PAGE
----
The Conium Review takes its name from a small but significant genus in the plant kingdom. Their delicately detailed leaves and small white flowers give little indication of their danger. Why, one wonders, would the editors name their journal after hemlock? The leaves of the plant contain chemicals that disrupt the victim’s central nervous system. The lethal dose Socrates consumed caused progressive paralysis that eventually prevented him from breathing, depriving his heart and that powerful brain of the oxygen they needed. The fiction and poetry in The Conium Review inspire the same feeling as a mild dose of the drug. No worries; this kind of conium is not deadly. The stories in the journal do not draw the reader in with whiz-bang narratives and cliffhanger plots. Rather, the pieces draw you in with character work that is compelling in a calm manner.
Margarita Meklina’s short story “Buy Your Own” trades on some powerful themes. How many times have you thought about the artists behind what you find in a secondhand record shop or bookstore? Meklina’s first-person narrator finds cheap and rare LPs and auctions them on the Internet. Each of the albums has its own story; soon, friends and relatives of each artist are asking to buy the vinyl for a discount. The conflict between art and commerce is an old one, and Meklina does a good job earning sympathy for both sides. The narrator seems a bit callous in messages to people who knew and loved these obscure artists but is redeemed in the end of the piece. After thinking about all of those unpleasant messages, the narrator realizes that the businessperson can set themselves
apart from those raw and uncultivated roots from which the art itself grows. And it grows from noticing the loneliness of an old man, from seeing the first small, smiling steps of a woman who just stood up from her hospital bed, from glimpsing the bashfulness of an adult who creates dazzling and innocent kite-like paintings.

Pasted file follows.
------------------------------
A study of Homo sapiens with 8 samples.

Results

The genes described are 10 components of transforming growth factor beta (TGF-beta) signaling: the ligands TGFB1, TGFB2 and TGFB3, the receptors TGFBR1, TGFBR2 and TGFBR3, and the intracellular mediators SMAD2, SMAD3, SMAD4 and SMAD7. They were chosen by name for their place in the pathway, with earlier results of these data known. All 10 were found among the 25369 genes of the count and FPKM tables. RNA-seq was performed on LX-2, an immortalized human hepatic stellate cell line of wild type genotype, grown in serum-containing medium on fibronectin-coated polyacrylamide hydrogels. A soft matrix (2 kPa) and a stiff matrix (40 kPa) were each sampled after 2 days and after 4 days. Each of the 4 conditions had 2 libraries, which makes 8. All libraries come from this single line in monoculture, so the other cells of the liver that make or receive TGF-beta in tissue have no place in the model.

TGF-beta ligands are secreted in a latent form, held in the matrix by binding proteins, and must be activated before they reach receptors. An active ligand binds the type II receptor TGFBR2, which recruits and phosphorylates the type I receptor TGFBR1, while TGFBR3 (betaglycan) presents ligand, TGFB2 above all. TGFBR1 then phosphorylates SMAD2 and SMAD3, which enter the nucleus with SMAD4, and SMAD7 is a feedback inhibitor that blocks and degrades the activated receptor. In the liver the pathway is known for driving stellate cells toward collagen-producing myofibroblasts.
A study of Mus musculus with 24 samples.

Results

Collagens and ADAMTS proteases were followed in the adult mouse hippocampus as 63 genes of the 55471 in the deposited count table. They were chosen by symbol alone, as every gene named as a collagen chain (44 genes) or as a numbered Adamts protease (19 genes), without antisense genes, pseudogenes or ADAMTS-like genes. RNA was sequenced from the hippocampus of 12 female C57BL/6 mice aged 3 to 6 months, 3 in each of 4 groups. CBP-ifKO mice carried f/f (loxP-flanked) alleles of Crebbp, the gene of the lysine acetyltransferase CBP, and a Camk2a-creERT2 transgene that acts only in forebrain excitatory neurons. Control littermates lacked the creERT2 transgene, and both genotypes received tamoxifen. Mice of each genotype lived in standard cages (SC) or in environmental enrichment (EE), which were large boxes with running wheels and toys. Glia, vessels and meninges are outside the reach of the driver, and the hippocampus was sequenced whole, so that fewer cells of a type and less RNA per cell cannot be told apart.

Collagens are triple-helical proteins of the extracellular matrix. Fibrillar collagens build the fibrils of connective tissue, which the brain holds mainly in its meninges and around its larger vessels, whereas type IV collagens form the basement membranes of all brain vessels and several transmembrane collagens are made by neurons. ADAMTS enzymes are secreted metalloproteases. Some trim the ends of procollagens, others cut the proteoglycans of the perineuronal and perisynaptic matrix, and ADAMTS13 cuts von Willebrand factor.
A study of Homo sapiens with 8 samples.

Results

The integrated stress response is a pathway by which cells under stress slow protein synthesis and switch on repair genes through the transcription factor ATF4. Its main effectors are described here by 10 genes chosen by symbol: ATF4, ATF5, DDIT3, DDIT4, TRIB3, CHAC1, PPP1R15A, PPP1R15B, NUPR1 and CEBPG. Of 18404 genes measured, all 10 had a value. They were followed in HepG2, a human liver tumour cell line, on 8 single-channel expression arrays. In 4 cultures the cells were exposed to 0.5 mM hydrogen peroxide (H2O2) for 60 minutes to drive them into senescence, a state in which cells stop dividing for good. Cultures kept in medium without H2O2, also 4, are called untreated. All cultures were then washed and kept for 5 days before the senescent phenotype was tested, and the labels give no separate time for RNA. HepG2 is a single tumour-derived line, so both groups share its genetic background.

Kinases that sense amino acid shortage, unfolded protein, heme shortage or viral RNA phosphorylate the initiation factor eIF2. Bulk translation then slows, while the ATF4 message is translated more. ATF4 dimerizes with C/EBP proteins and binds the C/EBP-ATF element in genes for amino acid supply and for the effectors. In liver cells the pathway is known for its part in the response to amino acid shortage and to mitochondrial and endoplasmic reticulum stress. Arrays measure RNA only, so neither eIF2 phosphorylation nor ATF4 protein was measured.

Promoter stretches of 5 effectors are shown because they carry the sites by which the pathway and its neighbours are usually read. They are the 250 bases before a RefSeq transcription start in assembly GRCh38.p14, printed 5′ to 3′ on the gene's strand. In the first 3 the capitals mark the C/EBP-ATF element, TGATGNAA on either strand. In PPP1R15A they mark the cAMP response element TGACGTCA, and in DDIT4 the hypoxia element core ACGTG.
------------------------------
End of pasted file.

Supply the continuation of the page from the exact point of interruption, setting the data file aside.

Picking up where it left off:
The protagonist of Isaac Coleman’s novelette “Ten Dollars” drifts through an appropriately disjointed narrative that is bookended by the acquisition and loss of the titular sawbuck. Fritz (who hates his name) just can’t seem to make any productive decisions. Fate and bad choices have left Fritz in the doldrums, and it can be very hard to get momentum going in those kinds of conditions. Fritz doesn’t seem to learn anything along the way, though he does gain some measure of introspection with regard to his situation.
In the short story “Charity,” Jen Knox employs a narrator who looks back on her senior year with longing and regret. The story is about friendship and class struggle; the narrator’s family is part of the hard-working middle class. Her friend James is robbing his own father; she disapproves, but still goes on a shopping spree with him and another friend. There is a nice scene at the end of the story in which the narrator must hide the shopping bags from her mother. (After all, mothers tend to ask questions about these sorts of things.) Instead of a confrontation, the story builds to a sweet and meaningful mother/daughter talk.
The storytellers and poets whose work appears in this premiere issue of The Conium Review seem less interested in how characters come to be what they are. Instead, these writers are content to devote attention to the small moments that reflect our true identities.